401(k) nightmares: What NOT to do with retirement-plan cash

Deborah Nason

Life can bring huge expenses, planned and unplanned. Many look to their retirement accounts as a handy lifesaver to get out of an unexpected, tough financial spot — but they do so at an enormous cost.

2015 research study conducted by Boston Research Technologies in collaboration with Retirement Clearinghouse found that 34 percent of millennials, 34 percent of Gen Xers and 24 percent of baby boomers have cashed out at least one retirement account during their careers and that "a majority of retirement-plan cash-outs are unnecessary — a product of convenience rather than need."

Elders and equities: How much stock should retirees own?

How old are you, and how much stock do you have in your investment portfolio?

Conventional wisdom has it that investors should reduce their equity holdings as they get near and into retirement and shift toward safer, fixed-income investments. That strategy is the basis for target-date funds, which follow a "glide path" of decreasing allocations to stocks and increasing allocations to bonds as a target retirement date approaches.

Why you should ditch your mutual funds now

Bill Harris

Mutual funds have helped introduce the masses to stocks and have played a big role in portfolios for individual investors. However, they appear to be well past prime time.

In 2015 the S&P 500 Index posted a meager total return of 1.4 percent, including dividends. And yet 66 percent of actively managed large-company stock funds were unable to exceed even that low bar, according to the SPIVA U.S. Scorecard.

How to use trusts to save big-time on state income taxes

IIana Polyak

Most tax strategies center on minimizing federal income taxes, since they account for the lion's share of taxes a person might owe. But in some states, income-tax rates are themselves in the double digits and can add mightily to tax bills.

Over the last decade or so, one strategy has been gaining in popularity among wealthy individuals and families and their tax advisors. They use trusts to limit their exposure to state income-tax rates. ING trusts, which stands for incomplete gift non-grantor trusts, can shift the tax exposure out of a high-tax state, such as California, to a state with no state income tax, such as Delaware, Nevada and Wyoming.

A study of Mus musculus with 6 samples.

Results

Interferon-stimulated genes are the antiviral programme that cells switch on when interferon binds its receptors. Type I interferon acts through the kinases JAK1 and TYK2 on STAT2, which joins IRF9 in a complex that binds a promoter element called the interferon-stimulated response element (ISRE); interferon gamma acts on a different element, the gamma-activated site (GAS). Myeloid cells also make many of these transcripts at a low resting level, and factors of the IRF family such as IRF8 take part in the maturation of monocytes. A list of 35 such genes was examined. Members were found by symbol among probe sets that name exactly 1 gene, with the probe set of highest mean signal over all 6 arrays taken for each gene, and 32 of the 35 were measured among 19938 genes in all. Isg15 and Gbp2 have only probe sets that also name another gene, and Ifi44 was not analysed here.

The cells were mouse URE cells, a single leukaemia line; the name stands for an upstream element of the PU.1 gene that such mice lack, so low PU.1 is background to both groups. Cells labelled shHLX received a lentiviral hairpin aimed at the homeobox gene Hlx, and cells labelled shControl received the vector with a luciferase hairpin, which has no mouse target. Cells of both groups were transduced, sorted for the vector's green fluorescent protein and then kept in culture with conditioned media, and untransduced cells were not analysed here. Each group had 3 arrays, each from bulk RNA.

Older boomers face IRA withdrawals or a 50% tax

Tom Anderson

he first baby boomers are turning 70 this year. That means they soon will have to take a required minimum distribution from their traditional IRAs and 401(k) plans.

The stakes are high for getting RMDs right. If you don't make the appropriate withdrawals, you may have to pay a 50 percent tax on the amount that was not taken out as required.

Getting remarried? Protect your assets and your interests

Deborah Nason

"Getting remarried ... Oh, what fun when it comes to estate planning," said certified financial planner Mark LaSpisa, president and managing advisor of Vermillion Financial Advisors.

"The biggest challenge is, how does anyone reconcile preserving assets for children from a prior marriage while taking care of one's commitment to a new spouse?" he said.

LaSpisa recommends thinking ahead and considering questions such as what your goals are, how your existing family and new spouse will relate to one another once you've passed away, and who will be in charge of the money.

It's key to factor in health costs when saving for retirement

IIana Polyak

As if retirement planning weren't difficult enough, things get even more complicated when you factor in the cost of health care.

"Health care is one of the most underemphasized things in retirement," said certified financial planner Brian Fenstermaker, founder of Envision Financial Consulting.

Even Fenstermaker's high-net-worth clients worry. "A lot of my clients have millions of dollars in savings, but they are still concerned about health care," he said.

Make finances in 'multi-gen' household a family affair

Sarah O'Brien

Today's different generations are getting cozier when it comes to sharing living space.

But before you sign on to the growing trend of living in a multi-generational household, financial advisors say, you should give money matters as much scrutiny as you would a household chore chart.

"The key to making these household structures work is to make sure no one rides for free," said certified financial planner Hank Mulvihill, principal of Mulvihill Asset Management. "And the more that the reality of all things financial is discussed, the healthier the relationships in the home will be."